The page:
Coming Out to Bat

When bats first emerge from hibernation they're very hungry.  Most of them won't have eaten for several months, and as an additional strain on their bodies, many of the females will be pregnant too.  It's vital they eat well to ensure the survival of their developing young.

All the bats found in the UK feed on small insects like moths, midges, and gnats.  Bats often appear to fly in erratic patterns, but they're usually chasing tiny flying insects which we can't see.  They trap them in in their mouths or scoop them up with their tail or wing membranes.

Not Flying Mice

Despite the fears some people have of them, bats are surprisingly similar to ourselves, in fact in some areas they're a little further up the evolutionary scale.  Being mammals they have hairy bodies just like us, and they suckle their young, just like us.  They've also developed the ability to fly (with extreme precision) and see in the dark with their highly sensitive echo-location system.

Bat Watching Tips

The bat's nocturnal lifestyle makes them fairly difficult to observe, so for a good chance of seeing some you need to be out at dusk or dawn, as they begin and end their night flights.  Look for areas where there are plenty of night-flying insects (areas near water are usually best).  Pick an open spot where you can see bats silhouetted against the lighter sky.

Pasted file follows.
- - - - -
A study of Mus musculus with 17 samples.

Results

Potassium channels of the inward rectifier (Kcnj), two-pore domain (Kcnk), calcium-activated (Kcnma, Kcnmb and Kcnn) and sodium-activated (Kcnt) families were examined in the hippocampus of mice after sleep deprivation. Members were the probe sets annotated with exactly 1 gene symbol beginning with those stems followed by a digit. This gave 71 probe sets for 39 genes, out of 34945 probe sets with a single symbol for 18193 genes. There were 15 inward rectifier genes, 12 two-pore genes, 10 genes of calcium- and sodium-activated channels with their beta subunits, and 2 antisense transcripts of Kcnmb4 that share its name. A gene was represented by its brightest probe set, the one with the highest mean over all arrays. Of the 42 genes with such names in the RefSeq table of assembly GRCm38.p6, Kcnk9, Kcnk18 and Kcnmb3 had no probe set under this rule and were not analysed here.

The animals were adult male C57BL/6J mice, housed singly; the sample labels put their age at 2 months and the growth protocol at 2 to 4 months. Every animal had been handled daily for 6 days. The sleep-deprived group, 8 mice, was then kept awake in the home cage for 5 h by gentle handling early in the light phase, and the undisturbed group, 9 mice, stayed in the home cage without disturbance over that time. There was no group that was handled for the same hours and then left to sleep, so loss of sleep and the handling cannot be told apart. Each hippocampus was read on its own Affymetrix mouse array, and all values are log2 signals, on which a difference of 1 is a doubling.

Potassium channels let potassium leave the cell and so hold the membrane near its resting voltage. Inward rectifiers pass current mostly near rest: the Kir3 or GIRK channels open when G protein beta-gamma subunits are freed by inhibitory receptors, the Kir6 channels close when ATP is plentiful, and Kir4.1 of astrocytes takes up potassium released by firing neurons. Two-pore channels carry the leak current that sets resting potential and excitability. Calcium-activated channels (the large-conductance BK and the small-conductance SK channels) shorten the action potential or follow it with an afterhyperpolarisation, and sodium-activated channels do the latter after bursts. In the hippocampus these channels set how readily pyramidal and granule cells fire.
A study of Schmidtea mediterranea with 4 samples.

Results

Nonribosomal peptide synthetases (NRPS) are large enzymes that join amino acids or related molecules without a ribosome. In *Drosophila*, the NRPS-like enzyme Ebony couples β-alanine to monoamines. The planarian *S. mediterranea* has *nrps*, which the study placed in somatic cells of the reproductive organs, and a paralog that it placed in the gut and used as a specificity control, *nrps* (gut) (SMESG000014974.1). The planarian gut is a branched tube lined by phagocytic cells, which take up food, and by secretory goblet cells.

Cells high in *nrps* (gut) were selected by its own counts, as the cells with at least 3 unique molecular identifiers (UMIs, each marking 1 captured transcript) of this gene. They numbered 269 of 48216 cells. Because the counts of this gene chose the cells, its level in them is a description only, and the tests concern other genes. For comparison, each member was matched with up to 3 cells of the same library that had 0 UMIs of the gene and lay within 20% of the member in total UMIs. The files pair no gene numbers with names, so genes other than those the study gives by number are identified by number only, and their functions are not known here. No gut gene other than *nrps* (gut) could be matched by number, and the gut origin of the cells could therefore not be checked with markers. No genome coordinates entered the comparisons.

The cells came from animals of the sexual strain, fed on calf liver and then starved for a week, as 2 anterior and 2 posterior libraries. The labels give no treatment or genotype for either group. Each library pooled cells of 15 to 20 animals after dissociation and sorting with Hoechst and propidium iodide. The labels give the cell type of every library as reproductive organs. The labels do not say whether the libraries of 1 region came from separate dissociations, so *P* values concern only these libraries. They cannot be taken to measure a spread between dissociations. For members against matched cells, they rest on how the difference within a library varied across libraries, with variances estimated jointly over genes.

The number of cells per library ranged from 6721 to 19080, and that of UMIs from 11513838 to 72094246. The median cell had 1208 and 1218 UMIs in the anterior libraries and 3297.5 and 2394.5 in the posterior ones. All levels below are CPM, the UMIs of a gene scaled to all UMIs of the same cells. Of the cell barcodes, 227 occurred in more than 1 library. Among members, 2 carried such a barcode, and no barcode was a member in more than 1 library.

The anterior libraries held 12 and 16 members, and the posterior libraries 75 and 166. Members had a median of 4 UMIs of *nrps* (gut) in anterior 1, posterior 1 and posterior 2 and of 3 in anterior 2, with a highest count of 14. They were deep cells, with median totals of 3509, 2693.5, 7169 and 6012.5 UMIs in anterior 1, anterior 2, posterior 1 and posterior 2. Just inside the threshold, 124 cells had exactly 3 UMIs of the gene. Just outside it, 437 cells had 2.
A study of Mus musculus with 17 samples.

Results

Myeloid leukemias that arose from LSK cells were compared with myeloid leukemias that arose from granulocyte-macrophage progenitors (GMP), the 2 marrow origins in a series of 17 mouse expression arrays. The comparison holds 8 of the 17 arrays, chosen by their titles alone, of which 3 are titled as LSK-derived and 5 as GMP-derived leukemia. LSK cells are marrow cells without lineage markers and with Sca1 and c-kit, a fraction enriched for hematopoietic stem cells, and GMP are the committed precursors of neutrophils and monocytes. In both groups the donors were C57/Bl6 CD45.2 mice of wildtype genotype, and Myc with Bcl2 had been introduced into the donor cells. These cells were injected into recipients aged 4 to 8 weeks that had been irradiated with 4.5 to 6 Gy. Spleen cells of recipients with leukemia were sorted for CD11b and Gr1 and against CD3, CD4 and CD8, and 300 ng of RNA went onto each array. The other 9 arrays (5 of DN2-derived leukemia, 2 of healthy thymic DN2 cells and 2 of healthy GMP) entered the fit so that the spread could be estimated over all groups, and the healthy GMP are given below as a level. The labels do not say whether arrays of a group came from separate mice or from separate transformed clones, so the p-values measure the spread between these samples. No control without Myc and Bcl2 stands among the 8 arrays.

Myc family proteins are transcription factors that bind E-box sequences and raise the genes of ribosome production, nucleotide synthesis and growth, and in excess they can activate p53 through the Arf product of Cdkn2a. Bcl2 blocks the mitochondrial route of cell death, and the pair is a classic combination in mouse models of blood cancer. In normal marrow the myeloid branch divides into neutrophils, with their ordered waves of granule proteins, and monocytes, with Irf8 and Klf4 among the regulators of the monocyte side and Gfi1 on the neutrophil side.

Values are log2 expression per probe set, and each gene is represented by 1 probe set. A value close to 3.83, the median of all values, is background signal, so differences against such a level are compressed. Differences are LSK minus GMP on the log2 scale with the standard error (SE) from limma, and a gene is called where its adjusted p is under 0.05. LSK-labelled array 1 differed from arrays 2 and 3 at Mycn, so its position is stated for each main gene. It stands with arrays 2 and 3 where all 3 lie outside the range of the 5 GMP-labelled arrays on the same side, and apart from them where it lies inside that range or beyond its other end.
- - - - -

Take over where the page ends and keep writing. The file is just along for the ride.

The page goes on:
An easy way to find bats is with a bat detector.  These clever gadgets pick up the ultrasonic sounds made by bats and convert them into sounds we can actually hear.

This adds a whole new dimension to bat watching, and allows you to listen in on an otherwise secret world.

The sounds get stronger when you point the detector directly at the bat, so it's often possible to locate a bat by pointing the detector towards the strongest signal long before it can be seen.  Each bat species emits a different frequency of ultrasound.  By tuning the frequency dial on bat detector (just like a radio) you can identify which species you're watching.

Enjoy them While You Still Can

Interest in bats and bat watching is coming at a time when many species are in decline.  Once numbers start to fall, bat populations find it very difficult to recover, since they produce only one baby a year.  Insecticide poisoning, the closing of old caves, careless tree felling, disturbance of day roosts by people, or the destruction of roosting and maternity colonies by thoughtless property developers are the main threats to bats.  You can help your local bats by keeping clear of roost sites and just enjoy watching, and listening to them when they're out flying.